The Federal Reserve will not end its mortgage-bond buying spree until the labor market improves.
Unfortunately, this week's jobless claims fell short of those expectations.
Jobless claims grew by 18,000 claims to 354,000 filings for the week ending June 15, the U.S. Department of Labor said.
The uptick arrives on the heels of an improving week in which jobless claims reached a revised level of 336,000 filings.
Meanwhile, the 4-week moving average ticked up to 348,250 filings, rising 2,500 filings from the prior week's revised average of 345,750.
"Initial claims had been moving lower but suddenly turned higher in an unwanted week," analysts with Econoday said.
They added, "There are no special factors to help explain the jump in initial claims during the latest week, one that does not support the outlook, as expressed yesterday by the Federal Open Market Committee Meeting, for improvement in the labor market, at least not for June."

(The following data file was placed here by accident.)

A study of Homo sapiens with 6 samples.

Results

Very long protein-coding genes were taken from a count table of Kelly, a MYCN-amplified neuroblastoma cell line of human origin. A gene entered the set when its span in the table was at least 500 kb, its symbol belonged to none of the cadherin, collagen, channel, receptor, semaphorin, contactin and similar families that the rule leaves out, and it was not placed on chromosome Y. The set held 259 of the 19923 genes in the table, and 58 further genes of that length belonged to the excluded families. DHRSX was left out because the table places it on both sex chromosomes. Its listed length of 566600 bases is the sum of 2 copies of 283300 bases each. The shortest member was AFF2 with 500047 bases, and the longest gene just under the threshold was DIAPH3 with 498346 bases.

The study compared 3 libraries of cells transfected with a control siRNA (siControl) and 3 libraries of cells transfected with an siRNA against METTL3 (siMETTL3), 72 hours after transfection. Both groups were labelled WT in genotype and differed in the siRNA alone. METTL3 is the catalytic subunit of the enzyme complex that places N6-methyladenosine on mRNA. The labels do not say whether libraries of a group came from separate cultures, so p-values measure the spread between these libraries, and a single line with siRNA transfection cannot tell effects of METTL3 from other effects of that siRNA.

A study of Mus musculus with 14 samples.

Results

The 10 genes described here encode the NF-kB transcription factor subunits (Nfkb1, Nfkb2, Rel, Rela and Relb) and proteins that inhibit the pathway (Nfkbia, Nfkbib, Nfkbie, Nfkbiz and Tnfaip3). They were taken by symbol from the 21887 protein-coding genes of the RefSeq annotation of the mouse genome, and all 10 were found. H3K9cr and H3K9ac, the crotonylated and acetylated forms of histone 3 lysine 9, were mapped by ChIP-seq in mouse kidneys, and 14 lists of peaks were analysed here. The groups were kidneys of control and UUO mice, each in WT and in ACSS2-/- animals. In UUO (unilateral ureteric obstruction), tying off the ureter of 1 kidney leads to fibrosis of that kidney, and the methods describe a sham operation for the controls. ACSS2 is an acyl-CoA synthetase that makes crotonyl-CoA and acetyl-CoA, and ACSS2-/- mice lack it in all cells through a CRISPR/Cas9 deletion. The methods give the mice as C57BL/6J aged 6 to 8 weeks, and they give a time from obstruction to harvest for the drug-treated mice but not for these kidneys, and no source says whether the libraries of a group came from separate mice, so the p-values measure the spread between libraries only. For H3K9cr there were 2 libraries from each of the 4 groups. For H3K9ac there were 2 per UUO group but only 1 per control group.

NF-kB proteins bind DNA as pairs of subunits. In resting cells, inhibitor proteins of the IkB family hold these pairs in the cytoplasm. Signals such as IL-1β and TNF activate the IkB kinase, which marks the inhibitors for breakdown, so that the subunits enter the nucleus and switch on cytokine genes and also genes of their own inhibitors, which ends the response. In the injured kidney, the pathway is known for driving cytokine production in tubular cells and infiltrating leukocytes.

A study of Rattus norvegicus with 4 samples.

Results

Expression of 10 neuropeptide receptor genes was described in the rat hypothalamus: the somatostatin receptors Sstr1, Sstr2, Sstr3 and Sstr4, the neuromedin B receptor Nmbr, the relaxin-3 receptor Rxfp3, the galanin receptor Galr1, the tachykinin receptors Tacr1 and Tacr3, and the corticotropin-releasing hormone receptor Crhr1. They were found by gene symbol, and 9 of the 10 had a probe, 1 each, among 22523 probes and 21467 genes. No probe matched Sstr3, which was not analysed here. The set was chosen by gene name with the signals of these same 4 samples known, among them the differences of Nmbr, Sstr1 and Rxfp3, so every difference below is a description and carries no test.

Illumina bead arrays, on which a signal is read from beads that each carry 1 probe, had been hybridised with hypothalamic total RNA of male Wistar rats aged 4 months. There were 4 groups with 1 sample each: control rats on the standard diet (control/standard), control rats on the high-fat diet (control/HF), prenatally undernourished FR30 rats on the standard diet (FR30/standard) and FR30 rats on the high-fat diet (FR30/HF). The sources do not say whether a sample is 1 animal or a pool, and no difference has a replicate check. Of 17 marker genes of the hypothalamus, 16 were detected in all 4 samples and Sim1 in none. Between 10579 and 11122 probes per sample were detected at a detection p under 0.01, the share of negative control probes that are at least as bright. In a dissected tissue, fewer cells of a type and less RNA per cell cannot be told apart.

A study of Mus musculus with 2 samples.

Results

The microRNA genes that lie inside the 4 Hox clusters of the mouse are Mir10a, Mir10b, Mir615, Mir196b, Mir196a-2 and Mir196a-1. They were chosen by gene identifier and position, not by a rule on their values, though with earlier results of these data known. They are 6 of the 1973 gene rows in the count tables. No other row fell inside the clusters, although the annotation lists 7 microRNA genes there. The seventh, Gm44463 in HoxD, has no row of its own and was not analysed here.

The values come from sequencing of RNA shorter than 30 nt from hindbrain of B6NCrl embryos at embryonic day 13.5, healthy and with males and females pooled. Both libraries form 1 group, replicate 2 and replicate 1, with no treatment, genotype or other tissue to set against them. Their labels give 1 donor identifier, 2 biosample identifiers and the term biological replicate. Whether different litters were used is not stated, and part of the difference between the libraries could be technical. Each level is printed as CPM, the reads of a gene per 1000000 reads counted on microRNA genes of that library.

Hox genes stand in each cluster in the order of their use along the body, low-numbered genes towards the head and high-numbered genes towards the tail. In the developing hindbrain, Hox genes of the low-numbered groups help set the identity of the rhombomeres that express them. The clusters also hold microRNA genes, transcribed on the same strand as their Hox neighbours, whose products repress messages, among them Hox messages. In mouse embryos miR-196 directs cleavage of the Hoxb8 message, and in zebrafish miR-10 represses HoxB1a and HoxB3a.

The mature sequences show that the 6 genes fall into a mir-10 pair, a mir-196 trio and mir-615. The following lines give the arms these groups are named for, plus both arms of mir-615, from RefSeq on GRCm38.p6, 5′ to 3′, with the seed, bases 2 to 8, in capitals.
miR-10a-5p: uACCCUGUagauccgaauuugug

In Wednesday's report of FOMC meeting minutes, Federal Reserve Chairman Ben Bernanke emphasized the Fed's plan to taper off mortgage-backed securities when the economy and employment stabilize for the long term.
One week of rising jobless claims does not spell doom for the economy with economists generally taking a longer view on unemployment numbers.
Still, in the wake of the FOMC meeting minutes, the economy was hoping for an optimistic report to see if the Fed will eventually get the employment outlook it's looking for before ending quantitative easing.